Sunday, January 29, 2023



Two items, based on comments in the news . . .


Readers, at least local ones, will have seen quite a lot of coverage of a scandal involving the former Australian cricket team captain Michael Clarke, who was videoed shirtless in a park in Noosa engaged in a very loud fight with his girlfriend Jade Yarborough. TV presenter Karl Stefanovic and his wife Jasmine Yarborough, Jade’s sister, were also present. A video by a member of the public showed yarborough accusing Clarke of cheating on her with ex-girlfriend and fashion designer Pip Edwards, slapping him twice and walking away.

What is of interest to us at Bytes is the short but sweet response made by Pip Edwards in commenting on the sorry and sordid affair: “This is not my circus.”

I don’t know if Edwards has a Polish background or whether she was using part of a Polish saying but it is a shame she didn’t use the Polish expression in full and in its original format, the meaning being “Don’t drag me into your drama and your issues—I’m not getting involved.” –

Had she so wished, she could have used an alternative, equally apt Russian expression:


A friend mentioned having watched a two part tele-movie on the Rebekah Vardy and Colleen Rooney trial, dubbed the Wagatha Christie trial (a reference to ‘wives and girlfriends’). Mrs Rooney, the wife of former England footballer Wayne Rooney, conducted a sting operation in 2019, accusing Mrs Vardy, who is married to Leicester striker Jamie Vardy, online of leaking private stories about her to The Sun.

Mrs Vardy denied she passed information to the newspaper and sued Rooney for defamation, but the Court found that Rooney's accusation was "substantially true".

There were some amusing moments which emerged during the case . . .

Due to "a series of unfortunate events", as Mrs Rooney's barrister David Sherborne sarcastically put it, WhatsApp messages between Mrs Vardy's agent Caroline Watt and journalists, which could have helped Mrs Rooney's case, were not available. Ms Watt accidentally dropped her phone in the North Sea while on a boat trip in Scotland, the court heard.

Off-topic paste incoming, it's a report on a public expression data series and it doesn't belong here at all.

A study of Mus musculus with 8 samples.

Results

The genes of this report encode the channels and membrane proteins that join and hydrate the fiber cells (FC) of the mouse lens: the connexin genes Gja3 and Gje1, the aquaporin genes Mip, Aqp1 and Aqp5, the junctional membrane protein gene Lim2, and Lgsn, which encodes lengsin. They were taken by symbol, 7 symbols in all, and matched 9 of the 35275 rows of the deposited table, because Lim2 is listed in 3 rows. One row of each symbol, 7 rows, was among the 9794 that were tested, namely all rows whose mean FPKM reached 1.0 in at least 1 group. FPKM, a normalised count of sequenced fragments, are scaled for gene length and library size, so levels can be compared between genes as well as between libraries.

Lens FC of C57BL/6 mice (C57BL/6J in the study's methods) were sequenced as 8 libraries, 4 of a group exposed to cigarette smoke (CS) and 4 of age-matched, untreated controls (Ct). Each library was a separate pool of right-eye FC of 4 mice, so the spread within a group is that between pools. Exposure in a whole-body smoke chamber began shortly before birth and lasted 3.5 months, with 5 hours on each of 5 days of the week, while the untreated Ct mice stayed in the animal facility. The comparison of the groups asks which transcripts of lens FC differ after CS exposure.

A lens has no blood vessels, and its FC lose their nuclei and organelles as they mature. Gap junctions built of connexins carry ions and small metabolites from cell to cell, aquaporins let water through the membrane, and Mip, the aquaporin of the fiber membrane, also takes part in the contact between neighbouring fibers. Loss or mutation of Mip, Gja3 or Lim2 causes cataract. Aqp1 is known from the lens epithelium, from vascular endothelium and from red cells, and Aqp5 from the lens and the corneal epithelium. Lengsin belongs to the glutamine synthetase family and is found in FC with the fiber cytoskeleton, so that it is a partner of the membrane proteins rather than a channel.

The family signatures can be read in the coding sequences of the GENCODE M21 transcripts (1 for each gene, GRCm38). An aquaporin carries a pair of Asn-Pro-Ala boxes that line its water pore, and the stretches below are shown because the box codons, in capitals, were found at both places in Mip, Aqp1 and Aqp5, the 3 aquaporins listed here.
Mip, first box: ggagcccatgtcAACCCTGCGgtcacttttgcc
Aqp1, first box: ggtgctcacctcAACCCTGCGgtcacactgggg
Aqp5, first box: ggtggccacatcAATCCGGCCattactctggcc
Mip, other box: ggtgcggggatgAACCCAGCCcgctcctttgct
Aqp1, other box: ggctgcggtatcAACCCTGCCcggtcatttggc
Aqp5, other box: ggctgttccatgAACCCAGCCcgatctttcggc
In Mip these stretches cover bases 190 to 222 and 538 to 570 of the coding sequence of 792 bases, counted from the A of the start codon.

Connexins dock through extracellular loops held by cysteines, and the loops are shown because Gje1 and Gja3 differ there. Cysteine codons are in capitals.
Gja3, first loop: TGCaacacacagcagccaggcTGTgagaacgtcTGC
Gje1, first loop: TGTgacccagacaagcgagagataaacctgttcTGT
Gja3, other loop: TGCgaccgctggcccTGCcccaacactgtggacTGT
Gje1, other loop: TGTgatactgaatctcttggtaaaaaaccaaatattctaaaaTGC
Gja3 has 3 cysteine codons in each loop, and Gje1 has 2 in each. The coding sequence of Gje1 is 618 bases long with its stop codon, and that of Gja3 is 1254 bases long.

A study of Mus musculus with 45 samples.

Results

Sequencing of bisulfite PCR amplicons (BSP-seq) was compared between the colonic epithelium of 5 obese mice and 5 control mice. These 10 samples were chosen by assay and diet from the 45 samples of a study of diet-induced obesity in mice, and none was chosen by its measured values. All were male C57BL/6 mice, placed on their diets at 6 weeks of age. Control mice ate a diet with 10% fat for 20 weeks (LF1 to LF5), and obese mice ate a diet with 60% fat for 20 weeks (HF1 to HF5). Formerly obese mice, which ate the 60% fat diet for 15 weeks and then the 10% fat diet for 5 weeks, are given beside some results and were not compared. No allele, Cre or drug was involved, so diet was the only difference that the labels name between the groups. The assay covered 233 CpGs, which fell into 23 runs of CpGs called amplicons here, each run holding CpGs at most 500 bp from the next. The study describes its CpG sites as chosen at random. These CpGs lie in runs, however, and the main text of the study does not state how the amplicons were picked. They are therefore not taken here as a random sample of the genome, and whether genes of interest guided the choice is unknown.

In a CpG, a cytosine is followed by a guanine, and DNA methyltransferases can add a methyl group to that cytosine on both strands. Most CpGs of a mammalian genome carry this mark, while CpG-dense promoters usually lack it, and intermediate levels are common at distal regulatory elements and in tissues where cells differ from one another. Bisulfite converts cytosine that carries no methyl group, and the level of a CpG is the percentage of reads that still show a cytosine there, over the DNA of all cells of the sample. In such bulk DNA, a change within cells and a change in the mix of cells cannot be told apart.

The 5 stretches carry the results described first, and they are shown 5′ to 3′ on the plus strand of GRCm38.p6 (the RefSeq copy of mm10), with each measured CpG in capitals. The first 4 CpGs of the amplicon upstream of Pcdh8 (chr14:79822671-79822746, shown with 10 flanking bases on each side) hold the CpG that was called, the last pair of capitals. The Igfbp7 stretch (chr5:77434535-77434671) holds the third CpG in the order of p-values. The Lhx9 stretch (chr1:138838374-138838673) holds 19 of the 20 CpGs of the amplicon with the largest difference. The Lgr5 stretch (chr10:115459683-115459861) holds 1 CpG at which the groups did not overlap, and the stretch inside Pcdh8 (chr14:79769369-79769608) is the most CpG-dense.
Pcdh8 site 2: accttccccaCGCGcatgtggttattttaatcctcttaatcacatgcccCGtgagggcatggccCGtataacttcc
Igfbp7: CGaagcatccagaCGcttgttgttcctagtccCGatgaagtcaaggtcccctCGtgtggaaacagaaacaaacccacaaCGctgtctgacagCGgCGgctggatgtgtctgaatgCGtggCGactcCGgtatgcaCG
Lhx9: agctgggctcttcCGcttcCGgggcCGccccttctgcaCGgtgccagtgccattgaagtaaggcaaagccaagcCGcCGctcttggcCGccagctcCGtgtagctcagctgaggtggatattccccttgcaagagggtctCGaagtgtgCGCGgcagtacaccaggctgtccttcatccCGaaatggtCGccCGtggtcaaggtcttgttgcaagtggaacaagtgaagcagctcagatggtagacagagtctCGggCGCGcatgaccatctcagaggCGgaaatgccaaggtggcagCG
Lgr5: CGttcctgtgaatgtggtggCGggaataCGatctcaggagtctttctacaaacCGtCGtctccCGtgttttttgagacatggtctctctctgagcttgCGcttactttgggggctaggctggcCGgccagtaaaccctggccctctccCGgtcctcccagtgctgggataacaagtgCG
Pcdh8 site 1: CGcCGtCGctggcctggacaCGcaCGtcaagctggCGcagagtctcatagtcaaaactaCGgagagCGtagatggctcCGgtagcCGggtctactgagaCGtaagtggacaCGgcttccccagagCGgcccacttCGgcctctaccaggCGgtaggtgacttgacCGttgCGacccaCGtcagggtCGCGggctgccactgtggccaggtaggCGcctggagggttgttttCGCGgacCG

Mr Sherborne noted it was "a shame" that the phone was "lying at the bottom of the sea in Davy Jones' locker", prompting Mrs Vardy, sitting in the witness box, to ask: "Who is Davy Jones?"

The judge, Mrs Justice Steyn, explained: "It just means the bottom of the sea."

(Perhaps the barrister learned the nautical phrase from one of his previous libel claimant clients, Johnny Depp - aka Captain Jack Sparrow.)

Mr Sherborne himself didn't know who SAS TV personality Ant Middleton was when his name cropped up elsewhere in proceedings, while the judge and Mrs Vardy's barrister Hugh Tomlinson appeared to struggle to grasp how Instagram works.


So how did the phrase Davy Jones’ Locker originate?

Davy Jones's locker is a metaphor for the final resting place of drowned sailors and travellers, the place in which sailors' and ships' remains are consigned to the depths of the ocean, sent to Davy Jones' Locker.

The origins of the name of Davy Jones and his Locker are unclear, several explanations being offered:
  • Linguists consider it most plausible that Davy was inspired by Saint David of Wales, whose name was often invoked by Welsh sailors, and Jones by the Biblical Jonah, Jones being a corruption of Jonah.
  • David Jones, a real pirate, although not a very well-known one, living on the Indian Ocean in the 1630s.
  • A British pub owner who supposedly threw drunken sailors into his ale locker and then gave them to be drafted on any ship.

The earliest known reference of the negative connotation of Davy Jones occurs in the Four Years Voyages of Capt. George Roberts, by author Daniel Defoe, published in 1726 in London.
Some of Loe's Company said, They would look out some things, and give me along with me when I was going away; but Ruffel told them, they should not, for he would toss them all into Davy Jones's Locker if they did.